Let’s say you want to become a programmer, web developer, to be precise. You’re motivated and ready to study hard. You even gathered some learning materials. That’s all great. But what you don’t have is much time.

Many of us trying to learn new skills have this same problem — daily job, some adult obligations, and stuff. How to fit all of that in your schedule? How long do you need to study daily?

You may have heard the advice that 10 minutes a day adds up quickly. But does it? To be frank — not really. Let’s do the math. To learn the basics of programming and get hired, you’ll need to study at least 300 hours. If you’re devoting to programming 10 minutes a day, every day, for a year, you’ll have 3650 minutes. That’s only 61 hours under your belt.

At that pace, you’ll be ready to start your job in about five years. In the meantime, paradigms will shift, the industry will change, new tools will be created and dropped. You’ll have to re-learn most of the stuff. That’s a bit underwhelming, isn’t it?

So, knowing that, should, you set a goal of studying 10 minutes a day?


How hard is daily learning?

In a perfect world, you could learn programming about 2–3 hours a day, ideally, in three or four 45 minute chunks. With brisk walks or naps in between. With that routine, you should land a junior position in 6–12 months and live happily ever after. But there are some issues with the seemingly flawless plan.

For starters, do you know anyone who has 2 or 3 hours to spare daily? Yeah, me neither. Thought of scheduling that big chunk of time every day is a bit scary. And tiresome. It’s like going to the gym day in day out, even if you partied until 5 am the night before.

Developer challenges

The other thing is programming can be hard. Inevitably there will come moments when you’re stuck. Can you imagine thinking about the problem for three hours only to find out that you’ve done nothing? Not a single line of usable code came to existence. Firstly, welcome to the developers’ life. Secondly, that’s a real downer.

So trying to code for a long time every day will inevitably be a tedious, frustrating chore. Unless you’re incredibly motivated, have rock-solid willpower, and forgiving people around you, then chances are you’ll burn out quickly. What’s the better way?

Form a habit

Have you tried reading one page of the book a day? Initially, you can do it. Eventually, you haven’t read a book in months, and it’s a bit boring. But after some time, reading only one page a day becomes quite tricky.

More often than not, you get involved and want to know what will happen next. Or want to end a chapter. Once you have a habit of reading, you’ll probably read more than one page a day. It’s the same with programming. Once you make a habit out of it, it’s not that easy to stop.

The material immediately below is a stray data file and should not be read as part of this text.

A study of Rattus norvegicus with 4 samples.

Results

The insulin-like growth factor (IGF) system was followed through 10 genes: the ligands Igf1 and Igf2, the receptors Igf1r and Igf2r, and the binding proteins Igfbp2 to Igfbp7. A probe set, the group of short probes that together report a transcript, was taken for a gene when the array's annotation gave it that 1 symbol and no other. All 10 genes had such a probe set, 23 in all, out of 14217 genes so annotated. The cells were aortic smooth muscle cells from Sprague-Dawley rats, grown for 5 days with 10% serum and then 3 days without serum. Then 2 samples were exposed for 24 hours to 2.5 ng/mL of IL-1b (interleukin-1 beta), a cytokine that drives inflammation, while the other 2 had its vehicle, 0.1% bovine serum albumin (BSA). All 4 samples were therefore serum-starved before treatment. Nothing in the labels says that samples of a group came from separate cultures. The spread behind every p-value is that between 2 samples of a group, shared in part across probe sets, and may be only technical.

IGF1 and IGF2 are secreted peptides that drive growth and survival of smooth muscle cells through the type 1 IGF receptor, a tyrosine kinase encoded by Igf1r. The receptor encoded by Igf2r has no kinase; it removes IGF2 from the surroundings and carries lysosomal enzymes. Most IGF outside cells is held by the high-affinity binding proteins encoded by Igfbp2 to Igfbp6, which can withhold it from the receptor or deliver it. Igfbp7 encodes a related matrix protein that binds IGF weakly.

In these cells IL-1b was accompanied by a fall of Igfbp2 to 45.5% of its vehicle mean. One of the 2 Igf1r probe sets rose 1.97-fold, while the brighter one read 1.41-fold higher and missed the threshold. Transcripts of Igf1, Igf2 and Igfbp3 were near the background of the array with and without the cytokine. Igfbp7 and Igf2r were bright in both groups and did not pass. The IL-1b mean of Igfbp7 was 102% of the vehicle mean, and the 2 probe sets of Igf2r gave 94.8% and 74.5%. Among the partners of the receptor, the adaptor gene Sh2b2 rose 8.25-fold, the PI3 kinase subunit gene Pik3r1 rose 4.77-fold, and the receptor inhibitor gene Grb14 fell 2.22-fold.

How to start programming habit

So, what’s my advice to you? Schedule some minimal time for coding every day. It can be 10 minutes, or 15 or 30 — anything that feels manageable for you. Commit yourself to do it every day. But if you miss one day, try not to be too hard on yourself. Just make sure you won’t skip two days in a row. That’s sound advice, but as I mentioned earlier, it will take you years to become a developer. How to overcome that?

Realistic learning plan

Make sure that you don’t have anything planned for the time after studying. The chances are when you start coding, you’ll want to continue. Ten minutes will become 30 or forty, and you’ll get involved in problem-solving or want to finish a feature.

Plan ahead

So what you need to do is to ensure you have spare time after scheduled coding. Then if you get interested, you can continue. As a result, you’ll study much more than expected and have a higher chance of avoiding burnout.

And you know what? You can do it multiple times a day. Let’s say you have a whole Saturday just for you. Perfect time to do some coding. Even though you usually schedule 30 minutes a day for coding, this time, you feel the urge to binge straight 4 hours. Stop! Thirty minutes is enough for one sitting.

Feel the flow

If you get stuck, you can always work on a problem a little longer. Don’t force yourself to work for many hours, unless you’re in flow (and if you’re you won’t be able to stop yourself, as the time will fly rapidly). Later you can take a walk, read a book, or do whatever you like.

But promise yourself that after having some fun you’ll sit for another 30 minutes. Maybe another 30 in the evening. Splitting your learning in smaller chunks interrupted by relaxation will give you much better results. Trust me, I’ve been there.